Technology helps us all scream for ice cream
Imagine having a nice scoop of freshly made ice cream coming out of a vending machine thanks to a Linux operating system and an interactive GUI. It may sound like a strange mix but the MooBella Ice Cream System uses lots of technology to dispense the cold treat. In addition, the virtual ice cream shop uses database components to aerate, flavour, mix and flash freeze the ingredients to create a customized scoop of ice cream in 45 seconds. If a flavour runs out, the machine’s inventory system tells the GUI not to display that flavour as an option. To re-stock, the machine communicates to company headquarters via a wireless communication system that uses satellite technology. The machine offers customers 96 combinations of flavours and mix-ins such as vanilla, mocha and peanut butter cups, MooBella was part of the Demo 2006 show in Phoenix, Ariz, last February that showcased a mix of enterprise and consumer innovations.
Cell service goes underground
Recent bids submitted by several major wireless carriers in the United States could result in commuters at 227 New York City subway stations being able to use their cellphones. The bids are seen as a way to offer a safe and secure service to riders who lose cellphone service when entering a subway station. Cingular Wireless, Verizon Wireless, T-Mobile and Sprint Nextel Corp. have teamed up to be one of four groups to submit a bid. The current plan would see the winning bidder, in a ten-year contract, wire only the platforms and not moving trains. However, companies are required to discuss how to expand the network into the tunnels. The winner is also required to let other carriers use the network.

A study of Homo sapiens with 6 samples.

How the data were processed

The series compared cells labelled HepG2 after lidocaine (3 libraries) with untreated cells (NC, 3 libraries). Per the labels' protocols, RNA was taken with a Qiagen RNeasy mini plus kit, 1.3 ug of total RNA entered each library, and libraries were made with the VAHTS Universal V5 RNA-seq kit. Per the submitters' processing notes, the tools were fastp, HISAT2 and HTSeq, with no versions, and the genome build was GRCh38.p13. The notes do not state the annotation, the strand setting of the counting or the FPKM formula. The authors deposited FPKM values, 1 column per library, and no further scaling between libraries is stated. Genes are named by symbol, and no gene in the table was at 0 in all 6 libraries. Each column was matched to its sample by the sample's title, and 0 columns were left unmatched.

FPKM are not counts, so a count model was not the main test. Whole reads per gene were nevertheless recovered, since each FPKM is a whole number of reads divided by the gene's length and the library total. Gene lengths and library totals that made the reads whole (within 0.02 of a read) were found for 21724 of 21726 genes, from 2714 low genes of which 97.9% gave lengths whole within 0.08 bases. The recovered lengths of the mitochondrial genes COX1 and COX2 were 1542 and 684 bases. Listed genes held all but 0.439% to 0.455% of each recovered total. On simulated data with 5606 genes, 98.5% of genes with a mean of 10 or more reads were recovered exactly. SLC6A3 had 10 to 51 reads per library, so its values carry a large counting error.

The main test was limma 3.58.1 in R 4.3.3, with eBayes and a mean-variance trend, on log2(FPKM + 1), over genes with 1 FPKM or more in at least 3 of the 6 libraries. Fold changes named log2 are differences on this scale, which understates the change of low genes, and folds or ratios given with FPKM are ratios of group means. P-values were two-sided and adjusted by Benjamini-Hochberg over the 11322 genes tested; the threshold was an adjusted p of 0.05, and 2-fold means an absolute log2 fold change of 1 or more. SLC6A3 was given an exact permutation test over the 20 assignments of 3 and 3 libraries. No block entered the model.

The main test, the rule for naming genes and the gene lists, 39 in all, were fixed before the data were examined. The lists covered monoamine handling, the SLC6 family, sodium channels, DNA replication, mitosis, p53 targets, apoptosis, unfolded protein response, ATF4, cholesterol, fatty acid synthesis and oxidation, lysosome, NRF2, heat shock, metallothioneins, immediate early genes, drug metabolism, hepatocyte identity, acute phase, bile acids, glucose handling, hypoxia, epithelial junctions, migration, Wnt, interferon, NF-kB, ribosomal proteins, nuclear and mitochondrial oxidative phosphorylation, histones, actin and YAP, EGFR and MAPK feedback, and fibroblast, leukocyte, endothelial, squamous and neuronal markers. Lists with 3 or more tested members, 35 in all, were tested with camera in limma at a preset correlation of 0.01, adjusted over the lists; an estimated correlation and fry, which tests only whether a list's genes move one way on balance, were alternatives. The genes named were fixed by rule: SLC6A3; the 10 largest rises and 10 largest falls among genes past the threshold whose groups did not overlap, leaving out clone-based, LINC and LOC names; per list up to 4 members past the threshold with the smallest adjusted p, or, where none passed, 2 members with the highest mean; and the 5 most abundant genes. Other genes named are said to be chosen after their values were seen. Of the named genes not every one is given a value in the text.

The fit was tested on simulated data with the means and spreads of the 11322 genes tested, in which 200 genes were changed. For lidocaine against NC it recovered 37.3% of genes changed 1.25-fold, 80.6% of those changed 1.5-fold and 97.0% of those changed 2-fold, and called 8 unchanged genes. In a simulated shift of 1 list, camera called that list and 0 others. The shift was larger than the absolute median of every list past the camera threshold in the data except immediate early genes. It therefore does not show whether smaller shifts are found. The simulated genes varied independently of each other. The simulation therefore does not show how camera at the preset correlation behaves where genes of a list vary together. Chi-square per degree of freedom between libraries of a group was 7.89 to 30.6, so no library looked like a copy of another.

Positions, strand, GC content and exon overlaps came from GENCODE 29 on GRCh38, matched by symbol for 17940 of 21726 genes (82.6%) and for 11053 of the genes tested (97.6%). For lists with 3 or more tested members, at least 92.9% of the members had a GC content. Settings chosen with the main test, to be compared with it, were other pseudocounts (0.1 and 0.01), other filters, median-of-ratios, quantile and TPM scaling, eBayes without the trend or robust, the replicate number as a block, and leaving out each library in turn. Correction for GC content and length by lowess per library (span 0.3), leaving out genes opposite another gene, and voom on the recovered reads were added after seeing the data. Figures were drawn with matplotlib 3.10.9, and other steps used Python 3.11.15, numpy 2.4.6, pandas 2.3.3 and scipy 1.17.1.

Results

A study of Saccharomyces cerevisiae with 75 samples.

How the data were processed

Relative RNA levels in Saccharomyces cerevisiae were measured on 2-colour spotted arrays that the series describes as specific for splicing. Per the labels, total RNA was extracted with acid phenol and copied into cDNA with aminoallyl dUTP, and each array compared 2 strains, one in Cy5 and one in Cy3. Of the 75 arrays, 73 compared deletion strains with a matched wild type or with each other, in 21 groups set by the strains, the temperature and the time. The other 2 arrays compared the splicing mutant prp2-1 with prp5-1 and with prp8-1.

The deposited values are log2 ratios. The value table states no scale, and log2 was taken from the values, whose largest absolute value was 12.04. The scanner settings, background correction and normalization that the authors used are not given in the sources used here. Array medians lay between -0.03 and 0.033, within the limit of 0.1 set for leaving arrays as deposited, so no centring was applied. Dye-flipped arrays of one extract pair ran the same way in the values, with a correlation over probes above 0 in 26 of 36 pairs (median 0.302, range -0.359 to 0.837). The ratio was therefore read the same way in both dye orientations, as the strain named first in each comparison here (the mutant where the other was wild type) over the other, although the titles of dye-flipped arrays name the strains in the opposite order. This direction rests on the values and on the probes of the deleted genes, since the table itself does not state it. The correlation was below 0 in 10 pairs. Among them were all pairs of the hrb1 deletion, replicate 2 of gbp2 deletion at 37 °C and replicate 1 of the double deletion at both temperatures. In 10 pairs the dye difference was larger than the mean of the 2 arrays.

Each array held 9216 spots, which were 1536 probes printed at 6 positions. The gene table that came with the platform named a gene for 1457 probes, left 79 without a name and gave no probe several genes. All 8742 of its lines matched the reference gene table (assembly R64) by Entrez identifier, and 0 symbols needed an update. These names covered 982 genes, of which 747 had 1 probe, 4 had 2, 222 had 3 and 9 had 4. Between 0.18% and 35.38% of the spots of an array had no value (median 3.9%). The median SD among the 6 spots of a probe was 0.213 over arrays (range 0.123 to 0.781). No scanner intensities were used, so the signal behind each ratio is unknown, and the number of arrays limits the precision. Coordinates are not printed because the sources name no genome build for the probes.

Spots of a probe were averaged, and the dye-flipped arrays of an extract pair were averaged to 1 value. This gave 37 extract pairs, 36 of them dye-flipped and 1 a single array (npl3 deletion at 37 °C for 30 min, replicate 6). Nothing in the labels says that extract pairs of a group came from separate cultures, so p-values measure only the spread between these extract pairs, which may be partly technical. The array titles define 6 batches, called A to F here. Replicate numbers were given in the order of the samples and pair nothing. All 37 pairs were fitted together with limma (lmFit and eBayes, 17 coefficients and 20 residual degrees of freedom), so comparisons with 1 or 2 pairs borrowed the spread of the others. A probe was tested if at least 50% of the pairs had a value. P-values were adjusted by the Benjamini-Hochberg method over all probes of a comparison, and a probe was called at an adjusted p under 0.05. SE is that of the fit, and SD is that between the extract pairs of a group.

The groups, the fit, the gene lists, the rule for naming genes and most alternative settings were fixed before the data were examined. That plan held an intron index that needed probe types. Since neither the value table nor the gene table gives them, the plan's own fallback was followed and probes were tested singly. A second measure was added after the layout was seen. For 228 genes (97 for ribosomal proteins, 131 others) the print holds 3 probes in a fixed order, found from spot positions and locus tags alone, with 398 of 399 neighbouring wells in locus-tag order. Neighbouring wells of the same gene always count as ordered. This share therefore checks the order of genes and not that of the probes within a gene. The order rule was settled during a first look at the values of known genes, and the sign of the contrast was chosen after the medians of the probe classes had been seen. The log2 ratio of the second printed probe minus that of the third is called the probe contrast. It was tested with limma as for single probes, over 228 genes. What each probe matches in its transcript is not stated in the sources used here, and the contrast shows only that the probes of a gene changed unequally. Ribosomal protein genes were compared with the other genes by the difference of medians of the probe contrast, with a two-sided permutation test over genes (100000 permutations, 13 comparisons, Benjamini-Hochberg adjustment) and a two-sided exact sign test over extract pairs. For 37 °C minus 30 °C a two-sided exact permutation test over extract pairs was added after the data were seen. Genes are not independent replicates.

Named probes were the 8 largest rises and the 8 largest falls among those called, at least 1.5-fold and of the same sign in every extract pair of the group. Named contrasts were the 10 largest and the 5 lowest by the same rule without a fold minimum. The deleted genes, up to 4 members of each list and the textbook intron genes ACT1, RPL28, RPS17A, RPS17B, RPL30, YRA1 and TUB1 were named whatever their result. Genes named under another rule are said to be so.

Pigeons take to the sky to monitor pollution
This coming August, 20 pigeons will be released into the skies over San Jose, Calif. to monitor air pollution. These birds will have backpacks strapped to them that contain basic mobile phones as part of a Univerisy of California at Irvine study. Each bird will also have a GPS satellite tracking receiver and air pollution sensors that are capable of sensing carbon monoxide and nitrogen dioxide. Text messages on air quality are beamed back in real time to a pigeon blog that can be accessed on the Internet in the form of an interactive map. Also, aerial photographs taken from miniature cameras around the pigeons’ necks will be posted on the blog.
The ‘Big Brother’ prison
In January, a high-tech prison opened up in Lelystad, Netherlands a town just west of Amsterdam, that is supposed to represent the future of correctional facilities — cheap and efficient. Dubbed “the Big Brother Prison” by local media, inmates wear electronic wristbands that track their every movement. Prisoners can also manage their own schedules with a touch-screen monitor at the foot of their beds. Detainees are kept in a six-man cell equipped with a microphone that is linked to the prison’s control centre. Emotion recognition software analyzes sound volume and rhythm to alert guards to any violence. Unlike the Big Brother TV show, camera surveillance is restricted only to public spaces and not bunk beds or bathrooms. Because monitoring has become easier, the jail requires fewer guards with only six for 150 prisoners versus the usual 15.